Rather an exciting weekend at Greet's cottage. I attacked the front garden Saturday morning with some stakes and string and this is what it looks like now, in early morning before the bake of the sun sets in:
I can't believe we did this in a total of about 12 hours. I put in 8 on Saturday, 3 of which was me fussing with string, tape measure and stakes, and the remaining 5 we worked together at moving all of the cinder blocks necessary, a lot of dirt, and a bit of sod. Yesterday we did a bit more dirt (removed nearly all of the Lump O' Composted Driveway from the backyard), and moved a bunch of mulch from down the street.
I have some lemon thyme to put in, as you can see along the main aisle, and more English thyme started from seed - when it gets bigger it will be a low hedge all the way around all the beds.
All this activity has been inspired by a book, Creative Vegetable Gardening.
I've been really enjoying this one, which has lots of potager examples as well as good technical info on things like pruning fruit trees to shapes (the things to be done with apples!), and making patterns with cut-come-again greens. I had been very frustrated, as most coffee-table/design books are not on vegetable gardens, and the seed catalogs only show you a dish of edibles, not what the plant looks like.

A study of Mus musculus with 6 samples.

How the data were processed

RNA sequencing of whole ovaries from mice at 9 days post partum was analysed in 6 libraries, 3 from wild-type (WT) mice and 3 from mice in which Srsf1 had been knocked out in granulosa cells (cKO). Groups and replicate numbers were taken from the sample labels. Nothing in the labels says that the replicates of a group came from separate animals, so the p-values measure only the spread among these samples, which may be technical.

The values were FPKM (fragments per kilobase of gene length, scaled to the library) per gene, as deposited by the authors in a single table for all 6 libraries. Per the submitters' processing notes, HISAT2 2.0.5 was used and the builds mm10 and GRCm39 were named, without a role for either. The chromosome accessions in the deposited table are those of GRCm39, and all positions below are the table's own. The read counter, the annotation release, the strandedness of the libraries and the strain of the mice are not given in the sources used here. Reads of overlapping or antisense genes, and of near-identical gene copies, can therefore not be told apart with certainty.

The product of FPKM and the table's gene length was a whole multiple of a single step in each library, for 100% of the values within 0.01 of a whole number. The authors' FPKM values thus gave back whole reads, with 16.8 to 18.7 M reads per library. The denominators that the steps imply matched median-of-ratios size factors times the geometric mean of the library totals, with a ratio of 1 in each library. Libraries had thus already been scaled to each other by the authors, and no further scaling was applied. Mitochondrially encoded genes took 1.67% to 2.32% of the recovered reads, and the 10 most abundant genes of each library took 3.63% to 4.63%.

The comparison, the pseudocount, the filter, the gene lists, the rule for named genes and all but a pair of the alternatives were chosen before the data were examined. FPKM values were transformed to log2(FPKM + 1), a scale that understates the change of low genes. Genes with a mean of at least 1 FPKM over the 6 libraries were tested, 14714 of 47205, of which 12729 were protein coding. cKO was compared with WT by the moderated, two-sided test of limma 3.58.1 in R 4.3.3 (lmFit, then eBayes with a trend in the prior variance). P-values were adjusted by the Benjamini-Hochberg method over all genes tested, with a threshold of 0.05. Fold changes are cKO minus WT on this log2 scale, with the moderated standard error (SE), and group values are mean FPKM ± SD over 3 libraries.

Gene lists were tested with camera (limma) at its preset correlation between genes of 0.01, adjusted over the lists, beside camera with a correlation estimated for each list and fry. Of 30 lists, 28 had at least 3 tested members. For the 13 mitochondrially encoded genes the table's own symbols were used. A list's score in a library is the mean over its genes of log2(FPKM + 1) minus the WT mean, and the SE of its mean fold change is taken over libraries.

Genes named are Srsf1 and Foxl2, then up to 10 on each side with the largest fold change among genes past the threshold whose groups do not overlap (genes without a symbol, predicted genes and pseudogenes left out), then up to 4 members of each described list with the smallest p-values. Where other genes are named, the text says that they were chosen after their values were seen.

Beware though - I set it down last weekend and determined that our 70'x40' front garden needed all its beds and paths switched around to a more formal pattern, so that I'll like it better when it's empty, er, dormant, er, when I'm THINKING.
I am so lucky to have a husband who happily totes cinder block, schleps soil, and spreads mulch. (The sod-moving produced grumbling, but we'd never tried to do that before.) Nobody tripped over any layout strings, and this morning we both seem to be able to walk. (I hope it lasts.)
Of course, I'm not near done. Gardens are never done. I have this patch of lettuce to set out:
and this jungle to clear still:
We're thinking we'll rip out that pampas grass and replace it with a pineapple guava I just got, and march some agave down the right side of the main aisle. All that yellowish cast iron will come out, too. (For those of you not applying the 'IT MUST BE USEFUL/EDIBLE' rule to your landscapes, cast iron is a fantastic shade plant. Takes everything but sun.)
After the pineapples recover a bit from the last freezes, I want to move them to that bit of triangle near the parking spot. Also, the brand new fruit trees now clearly have to be in a perfect square...and they aren't. Should be able to do that this week.
No idea what I'm going to put in that central rectangle. It's a pretty hot spot, so I have to think about it. I'll throw some basil in there immediately, because I have them coming up. Also sprouting are sunflowers, some marigolds and zinnia, unknown curcurbits (I planted two ornamental gourds, watermelon and pumpkins in last year's compost heap, but I don't know what's where quite.)
Funny how I'm not really tired by all this work - more like exhilarated.